Homeless Setting Fires at Encampment Sites in Dallas

Homeless man warming hands by barrel fire
Homeless man warming hands by barrel fire | Image by guruXOOX/Getty Images

Dallas currently has 67 homeless service requests pending, many of which concern homeless encampments in public spaces.

The City’s Office of Homeless Solutions 311 homeless service calls dashboard shows the number and status of such service requests on a rolling 30-day basis. Some 842 requests were filed during that window, 774 of which have been marked as closed.

One of the pending requests was submitted on Friday. It reported an encampment at 3108 N Stemmons Fwy in Council Member Jesse Moreno’s District 2. The individual who filed the request noted that people at the encampment were “setting fire to keep warm at night.”

Another service request identified a homeless encampment in Council Member Omar Narvaez’s District 6 at the intersection of Oak Lawn Avenue and North Stemmons Freeway. It was filed on April 13 but remains open.

“They are burning wood and objects under a highway bridge. This is dangerous for the structure due to heat,” wrote the person who submitted the request.

As previously reported by The Dallas Express, a fire presumably set by a vagrant engulfed the contents of an encampment and a big tree that hung over the on-ramp to I-45 in Council Member Paul Ridley’s District 14 last year. City officials appeared to make little to no effort to investigate the matter at the time.

Over the last 12 months, Dallas Fire-Rescue responded to 1,058 trash fires, 825 dumpster fires, and 1,396 reports of illegal burning, according to Dallas Fire-Rescue’s incidents and response times dashboard. It is unclear how many of these fires were started by homeless individuals or vagrants.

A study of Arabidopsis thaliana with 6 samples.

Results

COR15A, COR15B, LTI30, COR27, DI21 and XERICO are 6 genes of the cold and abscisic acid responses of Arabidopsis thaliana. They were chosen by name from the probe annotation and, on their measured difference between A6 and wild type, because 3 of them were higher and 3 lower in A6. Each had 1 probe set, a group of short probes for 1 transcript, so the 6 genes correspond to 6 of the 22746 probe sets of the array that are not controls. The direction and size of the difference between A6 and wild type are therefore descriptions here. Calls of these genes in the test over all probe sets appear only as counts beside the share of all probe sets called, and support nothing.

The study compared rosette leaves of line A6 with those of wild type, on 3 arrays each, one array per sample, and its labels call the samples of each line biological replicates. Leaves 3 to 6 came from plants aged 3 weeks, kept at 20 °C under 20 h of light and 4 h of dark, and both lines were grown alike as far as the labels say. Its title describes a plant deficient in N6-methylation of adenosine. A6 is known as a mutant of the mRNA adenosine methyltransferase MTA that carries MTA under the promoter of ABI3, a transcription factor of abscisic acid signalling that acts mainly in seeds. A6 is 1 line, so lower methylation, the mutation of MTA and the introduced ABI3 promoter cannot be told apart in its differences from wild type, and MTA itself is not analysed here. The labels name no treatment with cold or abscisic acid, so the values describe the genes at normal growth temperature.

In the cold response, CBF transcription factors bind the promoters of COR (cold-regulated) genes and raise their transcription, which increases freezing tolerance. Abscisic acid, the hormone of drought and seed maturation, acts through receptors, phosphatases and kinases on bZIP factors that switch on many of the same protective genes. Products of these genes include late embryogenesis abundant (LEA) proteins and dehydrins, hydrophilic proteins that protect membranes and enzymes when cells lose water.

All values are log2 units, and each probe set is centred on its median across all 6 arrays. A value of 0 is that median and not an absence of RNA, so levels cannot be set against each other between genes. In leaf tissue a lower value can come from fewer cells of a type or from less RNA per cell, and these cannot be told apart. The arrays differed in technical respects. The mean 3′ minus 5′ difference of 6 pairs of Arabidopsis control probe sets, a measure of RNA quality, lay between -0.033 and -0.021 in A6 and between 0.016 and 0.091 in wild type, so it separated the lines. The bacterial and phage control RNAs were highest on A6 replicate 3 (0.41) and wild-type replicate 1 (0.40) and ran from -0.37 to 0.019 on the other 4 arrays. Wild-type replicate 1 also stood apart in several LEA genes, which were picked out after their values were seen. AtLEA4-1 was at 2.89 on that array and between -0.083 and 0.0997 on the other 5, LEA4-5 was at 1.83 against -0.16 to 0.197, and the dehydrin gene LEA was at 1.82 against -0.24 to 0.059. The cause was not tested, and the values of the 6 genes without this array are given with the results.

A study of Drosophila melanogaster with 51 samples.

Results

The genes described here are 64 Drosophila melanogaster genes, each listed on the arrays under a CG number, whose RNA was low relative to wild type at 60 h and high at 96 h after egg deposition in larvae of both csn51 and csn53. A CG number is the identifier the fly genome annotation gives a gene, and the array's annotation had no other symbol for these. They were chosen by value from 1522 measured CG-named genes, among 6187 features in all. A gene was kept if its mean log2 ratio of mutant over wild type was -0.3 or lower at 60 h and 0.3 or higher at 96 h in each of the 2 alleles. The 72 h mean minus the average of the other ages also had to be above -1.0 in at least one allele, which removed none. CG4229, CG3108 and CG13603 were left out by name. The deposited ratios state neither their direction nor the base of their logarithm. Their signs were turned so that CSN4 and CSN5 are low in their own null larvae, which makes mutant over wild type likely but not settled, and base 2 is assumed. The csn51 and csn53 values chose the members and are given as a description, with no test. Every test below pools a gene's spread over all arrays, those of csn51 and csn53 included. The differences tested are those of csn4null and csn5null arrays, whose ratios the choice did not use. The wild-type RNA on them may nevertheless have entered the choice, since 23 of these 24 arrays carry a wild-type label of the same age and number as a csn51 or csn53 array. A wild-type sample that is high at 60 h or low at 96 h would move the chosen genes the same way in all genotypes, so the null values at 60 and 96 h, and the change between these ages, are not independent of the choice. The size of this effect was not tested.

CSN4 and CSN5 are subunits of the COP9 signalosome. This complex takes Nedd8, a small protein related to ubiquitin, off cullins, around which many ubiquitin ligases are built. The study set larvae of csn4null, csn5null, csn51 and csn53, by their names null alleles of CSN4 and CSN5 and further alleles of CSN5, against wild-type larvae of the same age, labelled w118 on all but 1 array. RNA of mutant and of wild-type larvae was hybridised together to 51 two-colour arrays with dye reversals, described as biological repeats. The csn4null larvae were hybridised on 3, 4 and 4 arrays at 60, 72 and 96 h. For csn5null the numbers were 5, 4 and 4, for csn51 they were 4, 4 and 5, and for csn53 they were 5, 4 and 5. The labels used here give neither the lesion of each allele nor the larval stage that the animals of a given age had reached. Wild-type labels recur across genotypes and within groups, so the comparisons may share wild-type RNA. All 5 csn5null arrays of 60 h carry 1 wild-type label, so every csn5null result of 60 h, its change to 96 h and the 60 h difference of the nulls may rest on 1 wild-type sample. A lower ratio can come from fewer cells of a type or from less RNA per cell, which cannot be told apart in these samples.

Another open homeless service request filed on Friday identified an encampment at 1919 S Belt Line Rd. in Council Member Tennell Atkins’ District 8. The request notes “several tents and camp fires.”

Many of the requests cite excessive litter and junk strewn about the problem sites, sometimes near businesses or on public thoroughfares.

“While trash fires don’t typically cause much harm, their proximity to structures and other combustibles can make them more dangerous than anticipated,” Dallas Fire-Rescue previously told DX.

Polling conducted by DX indicates that some 75% of Dallas voters believe homelessness, vagrancy, and aggressive panhandling continue to be “major” problems. Respondents also appeared to be generally supportive of the “one-stop-shop” homeless services model used by Haven for Hope in San Antonio. The model has been credited with a 77% reduction in unsheltered homelessness in the city’s downtown area.

Some local stakeholders are looking to bring the model to Dallas. However, whether the Dallas City Council will support the initiative remains unclear.